Judge David Reed of the Yolo County Superior Court reprimanded and arrested Defendant Samuel Morgan for a probation violation involving an ankle monitor.
Mr. Morgan was placed on a reasonable probation, from a previous battery case, that included an ankle monitor and forbade both alcohol consumption and contact with the victim of the case.
On Monday, a probation revocation hearing began with probation officers accusing the defendant of being present at a bar without a fully charged and traceable ankle monitor – a clear violation of his agreed-upon probation. According to the officer, the defendant was untraceable for several hours on July 19 after his ankle monitor was depleted of battery power at Ace of Spades in Sacramento. Although it’s questionable, the officer referred to Ace of Spades as a “bar,” with access to alcoholic drinks, while claiming that the defendant could have had contact with the victim of the previous battery case during the hours that he was untraceable.
Deputy Public Defender Lisa Lance changed the perspective of the accusation after she claimed that her client went to Ace of Spades for a concert and had had his hands marked indicating that he is unable to drink. After stating that the officers failed to provide a copy of the report to the defense, Ms. Lance claimed that the defendant called probation officers several times throughout the night to assure them of his location and to confirm that the device was working properly.
According to the probation officer, contact from the monitoring device was lost late afternoon on the 19th and regained at around 1:00 A.M. on the 20th.
Using the defendant’s phone, the defense read out the apparent times of phone calls between probation officers and the defendant. Calls were recorded at 11:29 P.M. and 11:30 P.M. on the 19th and at 1:01 A.M. on the 20th. At approximately 9:25 P.M. on the 19th, the defendant claimed that he was able to speak to a probation officer on the phone.
When asked by Judge Reed if the probation involved a curfew or permission for travel to areas, the probation officer stated that there was no agreed-upon curfew and that the defendant was allowed to travel within close proximity around California without permission.
Judge Reed provided insight into the hearing by claiming that Ace of Spades maintains areas where drinking is forbidden for those underage and that concerts are the main functions of the venue.
Ms. Lance once again questioned the validity of the accusation when she claimed that her client felt vibrations from the monitoring device. Before providing a ruling, Judge Reed asked the probation officer to confirm the ankle monitor’s battery life for the date in question.
According to the probation officer, vibrations from the ankle monitor indicate that the device is not working properly and needs charging. Contact with the device was lost from 9:45 P.M. on the 19th to 1:41 A.M. on the 20th.
The defense continued their claim by explaining that, during a call, probation officers had told the defendant that should the device lose contact or not properly function a call would be received indicating the issue. Although the defendant cannot confirm if the device did lose contact or die from a low battery life, the defense stated that the defendant did make an effort to arrive back to his residence immediately once he received a call from officers asking if he was still at Ace of Spades. Once he was aware of an issue, the defendant called a friend to arrange a ride back to his residence since he did not have his own mode of transportation. The defense continued by explaining that the defendant was present at all required court cases and hearings and that he showed great interest in the court proceedings by conferring with his attorney beforehand.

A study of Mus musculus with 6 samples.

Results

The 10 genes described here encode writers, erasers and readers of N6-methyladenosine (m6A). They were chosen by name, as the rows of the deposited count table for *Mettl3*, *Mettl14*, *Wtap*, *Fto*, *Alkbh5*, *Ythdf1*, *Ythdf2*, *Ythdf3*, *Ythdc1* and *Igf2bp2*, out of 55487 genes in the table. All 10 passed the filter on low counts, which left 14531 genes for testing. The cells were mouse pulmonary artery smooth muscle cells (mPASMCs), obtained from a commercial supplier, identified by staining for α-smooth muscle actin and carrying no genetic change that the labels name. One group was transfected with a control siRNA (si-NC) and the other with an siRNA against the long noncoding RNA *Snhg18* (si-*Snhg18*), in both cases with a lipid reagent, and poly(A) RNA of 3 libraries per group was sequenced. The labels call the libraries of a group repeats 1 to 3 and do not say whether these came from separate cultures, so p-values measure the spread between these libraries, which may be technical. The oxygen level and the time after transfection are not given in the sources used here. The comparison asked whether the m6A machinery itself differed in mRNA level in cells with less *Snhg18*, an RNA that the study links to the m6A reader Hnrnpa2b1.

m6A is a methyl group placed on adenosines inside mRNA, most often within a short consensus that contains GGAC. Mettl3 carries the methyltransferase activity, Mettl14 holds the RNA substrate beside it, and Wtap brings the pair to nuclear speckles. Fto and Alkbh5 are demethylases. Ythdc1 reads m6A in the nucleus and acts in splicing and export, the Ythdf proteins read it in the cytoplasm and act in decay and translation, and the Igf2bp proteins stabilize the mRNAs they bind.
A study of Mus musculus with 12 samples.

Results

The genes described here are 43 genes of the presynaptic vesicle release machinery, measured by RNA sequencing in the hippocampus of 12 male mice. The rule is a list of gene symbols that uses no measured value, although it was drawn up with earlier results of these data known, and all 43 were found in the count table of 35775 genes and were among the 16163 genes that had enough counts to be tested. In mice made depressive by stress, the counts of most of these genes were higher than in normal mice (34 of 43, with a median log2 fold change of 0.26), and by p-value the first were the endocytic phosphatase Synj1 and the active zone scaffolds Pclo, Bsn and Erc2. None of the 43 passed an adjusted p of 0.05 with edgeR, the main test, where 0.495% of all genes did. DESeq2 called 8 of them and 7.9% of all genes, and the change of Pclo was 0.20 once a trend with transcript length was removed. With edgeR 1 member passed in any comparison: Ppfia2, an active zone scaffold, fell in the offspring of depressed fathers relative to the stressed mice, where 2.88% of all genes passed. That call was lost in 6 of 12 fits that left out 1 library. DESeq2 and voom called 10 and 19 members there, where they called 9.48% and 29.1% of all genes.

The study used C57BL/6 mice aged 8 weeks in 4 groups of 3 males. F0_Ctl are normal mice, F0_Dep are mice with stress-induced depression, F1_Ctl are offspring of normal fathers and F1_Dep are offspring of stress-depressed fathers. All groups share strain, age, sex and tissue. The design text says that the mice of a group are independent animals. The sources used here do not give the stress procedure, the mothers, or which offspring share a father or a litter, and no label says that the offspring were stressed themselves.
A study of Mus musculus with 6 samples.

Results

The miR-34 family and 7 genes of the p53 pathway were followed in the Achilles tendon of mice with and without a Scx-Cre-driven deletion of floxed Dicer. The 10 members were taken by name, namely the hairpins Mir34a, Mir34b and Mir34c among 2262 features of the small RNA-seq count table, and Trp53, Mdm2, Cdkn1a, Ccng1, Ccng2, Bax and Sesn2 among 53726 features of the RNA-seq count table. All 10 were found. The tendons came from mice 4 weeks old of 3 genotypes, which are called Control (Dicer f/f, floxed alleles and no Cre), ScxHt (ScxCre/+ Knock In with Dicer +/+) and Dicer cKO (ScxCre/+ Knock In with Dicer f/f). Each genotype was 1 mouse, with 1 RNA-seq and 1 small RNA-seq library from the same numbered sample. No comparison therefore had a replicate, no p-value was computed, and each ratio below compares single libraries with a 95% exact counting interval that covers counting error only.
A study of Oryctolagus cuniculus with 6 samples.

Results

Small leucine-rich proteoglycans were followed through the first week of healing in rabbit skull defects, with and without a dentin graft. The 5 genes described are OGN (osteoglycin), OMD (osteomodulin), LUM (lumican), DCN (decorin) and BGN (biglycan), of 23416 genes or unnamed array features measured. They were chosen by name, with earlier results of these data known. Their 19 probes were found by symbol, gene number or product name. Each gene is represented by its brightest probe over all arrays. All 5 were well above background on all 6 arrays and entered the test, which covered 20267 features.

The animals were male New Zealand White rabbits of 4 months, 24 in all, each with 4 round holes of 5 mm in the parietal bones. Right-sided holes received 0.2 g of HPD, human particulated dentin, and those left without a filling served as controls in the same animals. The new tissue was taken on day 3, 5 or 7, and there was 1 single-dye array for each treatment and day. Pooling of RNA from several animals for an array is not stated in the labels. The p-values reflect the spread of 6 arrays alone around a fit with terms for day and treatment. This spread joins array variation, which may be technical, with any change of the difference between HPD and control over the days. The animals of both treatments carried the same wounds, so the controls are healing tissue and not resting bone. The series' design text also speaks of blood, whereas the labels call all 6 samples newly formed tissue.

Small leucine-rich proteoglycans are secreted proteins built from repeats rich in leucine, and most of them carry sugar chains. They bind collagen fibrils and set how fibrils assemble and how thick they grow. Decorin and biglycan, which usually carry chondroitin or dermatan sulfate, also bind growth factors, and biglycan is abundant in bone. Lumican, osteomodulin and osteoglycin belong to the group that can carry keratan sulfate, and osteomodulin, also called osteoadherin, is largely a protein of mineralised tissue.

Judge Reed concluded the hearing by explaining that he usually believes statements made by probation officers and that he understands that the defendant did not consume any alcoholic beverages at the venue. Although he credited that decision, Judge Reed reprimanded the defendant and explained that he questioned his overall judgment. Defendant Morgan was placed into custody and handcuffed with a promised release on Friday.
by Ibraham Dbouk
Former special education teacher Sheri Haselhuhn appeared for her preliminary hearing on July 21, 2014, at 10:00 AM in Department 6 of the Yolo County Courthouse. Ms. Haselhuhn was a teacher at the Delta Elementary Charter School in Clarksburg with 14 years of teaching experience, and is being charged with burglary and possession of a controlled substance.
She is being accused of stealing and using prescription medication belonging to one of her former students. The medication was supposedly kept in a locked cabinet located in a room at the end of the school. The school’s administration noticed that some of the student’s “Adderall” prescription was coming up short. Adderall is typically prescribed for those who are diagnosed with attention deficit disorder.
The school contacted local authorities to investigate, and a surveillance video of the room led to the arrest of Ms. Haselhuhn at her home in West Sacramento. According to authorities, the video surveillance shows Ms. Haselhuhn taking and consuming one of her student’s prescription medication.
Her bail was set at $20,000 which was posted the very next day.
The defense, with the approval of the court, rescheduled the preliminary hearing until August 18, 2014, in order to finish the investigation.